Partnerships 4: Both Sides in the Bidding: Bid or Not?


Here are the six hands for this week, to practise bidding with (or without) your partner. They are the same hands as I've given you to play, and which I've reviewed above.  If you’re working with your partner, print out one set by clicking on the button on the right (Person A Hands OR Person B Hands), and ask your partner to print out the other set. There’s nothing to enter into your computer, but  get together with your partner, in person or via phone, Skype, email, or even on a walk! to bid the hands.

It’s not essential to see all 52 cards. Just reach the best contract with the two hands you and partner have. On some, you're the dealer, and on others, partner is. Vulnerability is not important. After you’ve practised the bidding, you (and partner) could do the lesson, play these hands and then watch the reviews.


Both Sides in the Bidding: Bid or Not?

It’s especially important for partnerships to work together when the bidding has become competitive, i.e. both sides battling for the contract.
The biggest message to convey to partner is the size of your trump fit, rather than the points you hold. Points become a bit murky when both sides are bidding, so the guideline for you becomes bidding more with a good fit, and LESS without it.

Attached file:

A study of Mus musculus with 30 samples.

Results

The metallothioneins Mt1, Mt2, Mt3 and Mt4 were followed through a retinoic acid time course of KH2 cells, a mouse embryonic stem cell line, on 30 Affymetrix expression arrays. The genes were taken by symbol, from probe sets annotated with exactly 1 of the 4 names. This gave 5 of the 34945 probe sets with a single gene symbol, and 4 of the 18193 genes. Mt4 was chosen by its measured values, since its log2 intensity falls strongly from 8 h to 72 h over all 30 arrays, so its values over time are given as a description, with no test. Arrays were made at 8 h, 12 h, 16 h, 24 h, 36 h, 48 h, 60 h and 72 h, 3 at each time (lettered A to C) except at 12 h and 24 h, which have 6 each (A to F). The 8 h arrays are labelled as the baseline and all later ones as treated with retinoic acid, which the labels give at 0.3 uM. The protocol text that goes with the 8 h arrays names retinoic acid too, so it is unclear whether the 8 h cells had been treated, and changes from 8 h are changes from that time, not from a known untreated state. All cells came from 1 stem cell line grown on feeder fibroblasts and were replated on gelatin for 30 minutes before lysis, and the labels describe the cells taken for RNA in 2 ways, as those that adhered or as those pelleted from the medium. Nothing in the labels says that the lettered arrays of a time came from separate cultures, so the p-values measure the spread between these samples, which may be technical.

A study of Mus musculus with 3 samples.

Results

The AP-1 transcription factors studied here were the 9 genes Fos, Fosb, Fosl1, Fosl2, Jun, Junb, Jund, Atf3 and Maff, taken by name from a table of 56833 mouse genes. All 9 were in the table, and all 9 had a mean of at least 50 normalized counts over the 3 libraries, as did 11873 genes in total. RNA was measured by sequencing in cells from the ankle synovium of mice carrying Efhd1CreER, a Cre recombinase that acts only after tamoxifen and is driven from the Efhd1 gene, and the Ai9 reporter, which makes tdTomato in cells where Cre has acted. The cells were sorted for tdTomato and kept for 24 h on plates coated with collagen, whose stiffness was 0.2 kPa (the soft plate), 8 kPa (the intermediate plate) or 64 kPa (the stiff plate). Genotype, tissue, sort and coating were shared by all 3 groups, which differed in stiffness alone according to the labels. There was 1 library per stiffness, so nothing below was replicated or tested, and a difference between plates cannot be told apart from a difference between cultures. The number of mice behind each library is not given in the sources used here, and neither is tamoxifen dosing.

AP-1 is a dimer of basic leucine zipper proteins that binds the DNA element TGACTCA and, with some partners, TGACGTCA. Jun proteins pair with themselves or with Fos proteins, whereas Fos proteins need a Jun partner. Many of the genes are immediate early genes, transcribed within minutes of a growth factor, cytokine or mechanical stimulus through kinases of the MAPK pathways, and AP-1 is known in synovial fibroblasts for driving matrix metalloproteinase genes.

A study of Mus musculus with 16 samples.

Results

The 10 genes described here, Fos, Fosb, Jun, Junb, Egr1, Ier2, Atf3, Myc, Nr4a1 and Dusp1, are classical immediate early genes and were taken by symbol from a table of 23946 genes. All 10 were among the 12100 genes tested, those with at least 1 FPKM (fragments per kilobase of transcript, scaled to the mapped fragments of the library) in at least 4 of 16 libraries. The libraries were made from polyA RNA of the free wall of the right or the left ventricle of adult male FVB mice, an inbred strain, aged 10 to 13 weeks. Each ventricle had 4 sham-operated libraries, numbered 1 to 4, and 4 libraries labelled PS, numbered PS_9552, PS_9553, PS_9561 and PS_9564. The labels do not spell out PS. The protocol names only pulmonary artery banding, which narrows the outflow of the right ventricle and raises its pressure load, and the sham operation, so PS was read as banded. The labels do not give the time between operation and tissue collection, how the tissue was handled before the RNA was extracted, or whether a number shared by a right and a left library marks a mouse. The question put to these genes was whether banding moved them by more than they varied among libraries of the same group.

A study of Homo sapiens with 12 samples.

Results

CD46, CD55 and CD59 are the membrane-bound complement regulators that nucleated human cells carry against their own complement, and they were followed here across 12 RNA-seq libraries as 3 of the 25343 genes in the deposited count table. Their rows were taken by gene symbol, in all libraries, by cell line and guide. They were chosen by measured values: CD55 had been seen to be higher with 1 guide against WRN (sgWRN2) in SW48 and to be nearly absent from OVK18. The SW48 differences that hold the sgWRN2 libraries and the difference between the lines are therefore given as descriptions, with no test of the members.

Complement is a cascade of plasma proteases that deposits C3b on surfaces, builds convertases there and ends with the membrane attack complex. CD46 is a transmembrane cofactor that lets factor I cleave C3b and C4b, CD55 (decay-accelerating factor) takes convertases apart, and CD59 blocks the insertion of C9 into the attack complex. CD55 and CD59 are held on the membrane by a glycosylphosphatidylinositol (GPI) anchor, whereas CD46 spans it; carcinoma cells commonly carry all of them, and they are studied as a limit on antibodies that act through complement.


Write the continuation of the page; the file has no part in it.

The more trumps you hold for partner the more you want to bid, and the fewer, the more you want to defend their contract.

Remember too that the opponents coming in have actually given your side more (new) bids to make, e.g with a good hand when they overcall you are able to “cue raise” by using their bid to suit your purpose to showing partner that you have a good hand with a fit. See the lesson on Overcalls & Responses for more about this. Having these understandings will free you up to jump with weak hands and a fit, to take the opponents’ space away, when partner won’t think you have points. So, partners must know the difference, and practising is good.

With doubles, the key to partner’s double being take-out rather than penalty is (a) the bids have been in spots rather than no trumps, and (b) your double will be interpreted as takeout if partner has not bid and you’d like them to. If your partner has bid in the auction, and you double later, you mean this as penalties. (c) Treat most low level doubles as takeout.

Gosh…it’s so hard to work these things out, but above all, be kind if your partner mixes up the meaning of your double!